More than one third (36 per cent) of transgender employees admit to having left a job because of discrimination in the workplace, according to a new study.
The research conducted by leading UK job website, totaljobs, surveyed 400 tran workers from different industries across the UK, revealing 60 per cent have experienced some form of transphobic discrimination in the workplace.
It also found that over half (53 per cent) of trans people feel the need to hide their trans status from colleagues. As a result, 43 per cent admitted to actively looking for companies with trans-friendly policies before applying for jobs.
John Salt, Group Sales Director, totaljobs, said: “We hope that the findings of this report will generate further support and greater awareness of the employment issues facing trans workers, but clearly there is more to be done.
Sadly, discrimination in the workplace has been compounded by a lack of support from employers. Our survey reveals that more than a fifth (21 per cent) of employees said that there was no provision for trans people at their workplace, and 24 per cen had received no support or guidance from their HR departments when transitioning.
“A diverse workplace fosters greater creativity and benefit, company culture, not just skills and experience, but by creating an environment where people enjoy to work,” added Salt.
Transphobic discrimination was most likely to come from colleagues (38 per cent), and then from management (25 per cent). This has led to more than one third (36 per cent) of trans people leaving a job because the environment was unwelcoming. More than one quarter (29 per cent) have faced discrimination as early as the interview stage.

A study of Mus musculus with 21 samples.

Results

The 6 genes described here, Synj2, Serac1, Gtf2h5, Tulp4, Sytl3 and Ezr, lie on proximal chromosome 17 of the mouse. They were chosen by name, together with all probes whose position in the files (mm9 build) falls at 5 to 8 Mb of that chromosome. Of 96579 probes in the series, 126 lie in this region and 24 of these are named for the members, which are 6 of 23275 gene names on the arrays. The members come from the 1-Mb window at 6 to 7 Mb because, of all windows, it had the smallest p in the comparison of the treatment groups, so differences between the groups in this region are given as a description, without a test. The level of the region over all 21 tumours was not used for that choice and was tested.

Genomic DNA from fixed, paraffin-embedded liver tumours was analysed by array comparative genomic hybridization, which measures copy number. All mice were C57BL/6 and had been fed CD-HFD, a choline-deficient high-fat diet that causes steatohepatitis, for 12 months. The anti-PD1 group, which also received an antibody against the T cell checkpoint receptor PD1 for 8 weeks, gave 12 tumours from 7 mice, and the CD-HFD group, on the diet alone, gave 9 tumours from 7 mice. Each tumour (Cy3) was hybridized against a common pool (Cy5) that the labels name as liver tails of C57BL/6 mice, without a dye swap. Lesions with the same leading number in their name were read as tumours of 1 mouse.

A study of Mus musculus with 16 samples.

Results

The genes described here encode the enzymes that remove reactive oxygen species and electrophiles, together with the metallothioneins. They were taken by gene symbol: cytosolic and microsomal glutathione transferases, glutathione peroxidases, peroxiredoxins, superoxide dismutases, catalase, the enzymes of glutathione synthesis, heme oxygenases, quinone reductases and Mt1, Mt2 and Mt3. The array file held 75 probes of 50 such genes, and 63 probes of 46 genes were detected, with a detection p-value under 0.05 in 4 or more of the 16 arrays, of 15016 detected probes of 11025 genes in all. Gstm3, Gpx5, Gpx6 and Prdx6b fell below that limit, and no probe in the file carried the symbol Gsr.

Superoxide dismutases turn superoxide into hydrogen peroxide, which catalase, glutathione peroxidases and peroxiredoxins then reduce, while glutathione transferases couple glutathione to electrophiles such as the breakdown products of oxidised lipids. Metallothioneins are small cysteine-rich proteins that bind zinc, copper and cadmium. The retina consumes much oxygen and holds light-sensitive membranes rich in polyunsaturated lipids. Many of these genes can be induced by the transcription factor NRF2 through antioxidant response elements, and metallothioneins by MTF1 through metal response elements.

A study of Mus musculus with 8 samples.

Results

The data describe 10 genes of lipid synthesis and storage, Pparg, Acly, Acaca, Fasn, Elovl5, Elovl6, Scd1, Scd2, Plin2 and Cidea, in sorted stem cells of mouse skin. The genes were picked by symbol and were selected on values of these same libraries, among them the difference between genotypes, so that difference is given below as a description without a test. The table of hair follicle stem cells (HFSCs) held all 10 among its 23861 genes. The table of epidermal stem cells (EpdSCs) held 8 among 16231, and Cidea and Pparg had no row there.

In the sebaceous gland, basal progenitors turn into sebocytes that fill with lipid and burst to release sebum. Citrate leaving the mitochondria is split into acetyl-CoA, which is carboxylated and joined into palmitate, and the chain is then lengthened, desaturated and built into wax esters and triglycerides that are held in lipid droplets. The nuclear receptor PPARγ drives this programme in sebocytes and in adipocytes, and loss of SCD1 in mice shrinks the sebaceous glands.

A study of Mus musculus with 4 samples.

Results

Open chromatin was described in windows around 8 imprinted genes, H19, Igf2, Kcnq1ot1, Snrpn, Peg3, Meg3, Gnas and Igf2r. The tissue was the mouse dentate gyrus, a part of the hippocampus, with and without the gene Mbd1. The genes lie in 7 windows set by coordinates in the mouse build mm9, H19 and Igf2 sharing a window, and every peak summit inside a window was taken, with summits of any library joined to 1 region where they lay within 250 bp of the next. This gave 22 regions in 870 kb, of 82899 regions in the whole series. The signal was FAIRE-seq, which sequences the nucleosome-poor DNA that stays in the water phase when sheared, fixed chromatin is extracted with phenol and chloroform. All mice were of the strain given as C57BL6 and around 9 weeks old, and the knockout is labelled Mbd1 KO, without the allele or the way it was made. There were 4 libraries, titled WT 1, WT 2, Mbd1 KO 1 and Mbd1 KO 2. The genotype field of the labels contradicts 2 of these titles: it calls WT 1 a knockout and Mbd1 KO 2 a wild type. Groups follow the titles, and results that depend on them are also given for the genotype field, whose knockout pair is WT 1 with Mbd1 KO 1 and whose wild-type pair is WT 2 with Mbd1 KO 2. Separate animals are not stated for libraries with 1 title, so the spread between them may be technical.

Rebecca Root, actress and voice teacher who works on vocal adaptation with trans clients, said: “Even with the advances made in recent years in changing societal perceptions of the trans community, these figures clearly indicate there is still a way to go in diminishing transphobia in the workplace. The quest for making such spaces safe for trans people must continue.”
Fox Fisher, filmmaker and trans activist, explained: “Staying in or seeking employment can be a potential nightmare when you’re trans. Many employers are unaware of our rights and we are often at a vulnerable stage of our transition. The irony is that so many trans people I know are extremely clever and willing to work.
“I was lucky that my employer was very supportive, although there was an adjustment phase which was difficult for everyone, including my new name, pronouns and getting used to my changes.”
Encouragingly, the survey also uncovered evidence of positive progress with 51 per cent of trans employees believing that acceptance and understanding of trans employees in the workplace has improved due to increased media focus on trans issues. While, half of those surveyed claimed to have received positive reactions from colleagues when they transitioned.
Emily Brothers, a Labour politician and the first openly transgender Labour MP, commented: “Too often the focus is on our transition, not how tough it is to get on with our lives with high levels of discrimination, not least in the labour market.
“Much needs to be done to better apply equality legislation and develop guidance and training for managers and their businesses. Gender identity is the new frontier of equality, which means many people still don’t understand or accept us.
“There is a lot of support out there. I certainly found transitioning at work some years ago less daunting than I feared, even though it was undoubtedly a very challenging experience. More needs to be done to (assist) employers, especially in supporting staff going through transition. That’s why I believe that some form of Statutory Leave would be supportive to trans people, helping them to retain their jobs and through a smoother transition pathway.”